A wood-pellet or corn stove is an excellent choice for heating a portion or all of your home. I have tested many designs in my own home for the past 16 years, and I have one running as I write this column. I burn a corn/wood-pellet mixture in a corn stove. Corn and wood-pellet stoves are nearly identical. Wood pellets are only 1 percent ash, so any pellet or corn stove will burn them. Corn has a higher ash content and forms a clinker, so burning corn in a pellet-only stove will not work well. Most corn stoves include a wood-pellet setting that changes the ash-removal rate and airflow.
Both corn and wood-pellet stoves are energy-efficient. This is because the combustion is nearly complete with almost no smoke. The small corn kernels or pellets have a high ratio of surface area to weight, compared with a big log, so each piece gets bathed with combustion air. Heating with wood pellets or corn is better for the environment than using fossil fuel furnaces or electric heat is. When you burn corn in the stove, it produces primarily ash, water, and carbon dioxide (a greenhouse gas). Next spring, when new corn grows, it uses the same amount of carbon dioxide the burning produced, so there is little in the way of net greenhouse gases.
These stoves are relatively maintenance-free. Every couple of days, depending on the heat setting, pour a bag of corn or wood pellets into the hopper. With the low ash content, the ash drawer needs to be emptied only once a week. Corn is stickier than pellets, so each month you may need to clean the draft fan and perhaps the auger.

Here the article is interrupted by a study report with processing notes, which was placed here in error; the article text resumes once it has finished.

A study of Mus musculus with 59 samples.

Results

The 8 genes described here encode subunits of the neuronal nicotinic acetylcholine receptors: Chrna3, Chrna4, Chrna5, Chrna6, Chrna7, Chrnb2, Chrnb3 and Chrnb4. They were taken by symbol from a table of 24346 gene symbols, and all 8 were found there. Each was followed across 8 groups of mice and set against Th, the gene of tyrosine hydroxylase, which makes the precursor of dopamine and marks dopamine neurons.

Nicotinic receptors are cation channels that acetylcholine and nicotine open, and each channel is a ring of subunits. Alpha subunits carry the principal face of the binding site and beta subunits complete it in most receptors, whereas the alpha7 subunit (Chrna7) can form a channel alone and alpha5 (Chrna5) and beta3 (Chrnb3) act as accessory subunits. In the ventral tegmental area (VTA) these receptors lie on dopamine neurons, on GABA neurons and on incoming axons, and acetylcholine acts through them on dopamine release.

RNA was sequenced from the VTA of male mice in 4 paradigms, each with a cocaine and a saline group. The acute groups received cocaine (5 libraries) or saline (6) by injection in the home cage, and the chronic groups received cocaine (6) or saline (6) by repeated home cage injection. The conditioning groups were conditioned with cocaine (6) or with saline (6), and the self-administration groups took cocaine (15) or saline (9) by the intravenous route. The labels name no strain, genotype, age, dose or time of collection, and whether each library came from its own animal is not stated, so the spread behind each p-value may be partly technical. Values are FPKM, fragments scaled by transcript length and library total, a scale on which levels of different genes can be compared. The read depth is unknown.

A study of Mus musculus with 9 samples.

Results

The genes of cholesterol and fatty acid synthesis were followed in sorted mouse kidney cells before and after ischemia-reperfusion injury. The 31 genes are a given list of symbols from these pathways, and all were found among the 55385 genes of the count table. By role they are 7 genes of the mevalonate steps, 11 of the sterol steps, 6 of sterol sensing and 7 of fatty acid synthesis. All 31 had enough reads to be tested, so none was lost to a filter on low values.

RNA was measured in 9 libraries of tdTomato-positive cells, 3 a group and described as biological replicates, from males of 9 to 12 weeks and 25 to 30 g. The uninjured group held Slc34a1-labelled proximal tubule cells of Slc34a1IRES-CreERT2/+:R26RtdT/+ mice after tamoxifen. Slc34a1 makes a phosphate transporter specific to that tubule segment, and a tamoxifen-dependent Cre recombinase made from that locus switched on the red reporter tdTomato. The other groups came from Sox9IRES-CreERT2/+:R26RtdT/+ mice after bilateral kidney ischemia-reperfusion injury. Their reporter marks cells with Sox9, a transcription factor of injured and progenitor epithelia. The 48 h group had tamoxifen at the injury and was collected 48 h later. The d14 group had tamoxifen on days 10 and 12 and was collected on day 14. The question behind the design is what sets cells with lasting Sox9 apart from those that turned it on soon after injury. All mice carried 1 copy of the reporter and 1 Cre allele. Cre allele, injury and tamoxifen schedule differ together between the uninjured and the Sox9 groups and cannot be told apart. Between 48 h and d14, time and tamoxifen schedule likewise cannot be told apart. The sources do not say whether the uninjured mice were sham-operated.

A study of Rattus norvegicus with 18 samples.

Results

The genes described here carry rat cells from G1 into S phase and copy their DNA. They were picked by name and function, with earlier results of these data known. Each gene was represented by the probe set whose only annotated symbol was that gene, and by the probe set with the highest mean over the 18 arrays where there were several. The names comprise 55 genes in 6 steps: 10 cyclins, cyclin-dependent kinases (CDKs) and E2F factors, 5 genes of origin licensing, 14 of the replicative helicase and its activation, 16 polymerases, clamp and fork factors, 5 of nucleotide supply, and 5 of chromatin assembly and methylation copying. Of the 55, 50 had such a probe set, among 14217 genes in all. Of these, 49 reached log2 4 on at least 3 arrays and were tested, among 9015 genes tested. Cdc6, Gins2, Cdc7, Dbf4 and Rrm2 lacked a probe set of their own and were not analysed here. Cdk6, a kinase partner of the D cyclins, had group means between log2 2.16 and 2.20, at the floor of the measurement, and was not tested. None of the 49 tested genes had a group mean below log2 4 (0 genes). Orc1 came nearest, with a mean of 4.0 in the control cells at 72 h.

Even if you plan to burn wood pellets and don’t have nearby corn farms, consider a corn stove. Wood pellets are often in short supply, and it is convenient to be able to stop at a pet store for a bag of feed corn if you run out of pellets. Select a model with a battery-backup option. Corn and pellet stoves use electricity to operate the blower, combustion air fan, and feed/ash augers.
When the electric power goes off, as it recently did during the Buffalo snowstorms, the stove automatically switches to battery power. A self-igniting option is a convenience for starting the stove. There are also various door options, some with more viewing glass.
These companies offer corn and pellet stoves: American Energy Systems, 800-495-3196, www.magnumfireplace.com; Country Flame, 417-859-0990, www.countryflame.com; Dell-Point Technology, 877-331-6212, www.pelletstove.com; England’s Stove Works, 800-516-3636, www.englanderstoves.com; and Lennox Hearth Products, 800-953-6669, www.lennoxhearthproducts.com.
My home has a shallow crawl space containing the furnace and water heater. The house floor over it is not insulated. I am sure the furnace gives off some heat, so should I leave the house floor uninsulated?
Generally you should insulate the floor above a crawl space. If your furnace is efficient and the ducts are insulated, not much heat should be lost to the crawl space and it should stay reasonably cold. During the winter, check the air temperature in the crawl space. If it is almost as warm as the house, the furnace is losing heat. Insulate the crawl space walls instead of the floor above it. Make sure there is adequate combustion air for the furnace.
Send questions to James Dulley, Illinois Times, 6906 Royalgreen Drive, Cincinnati, OH 45244 or go to www.dulley.com.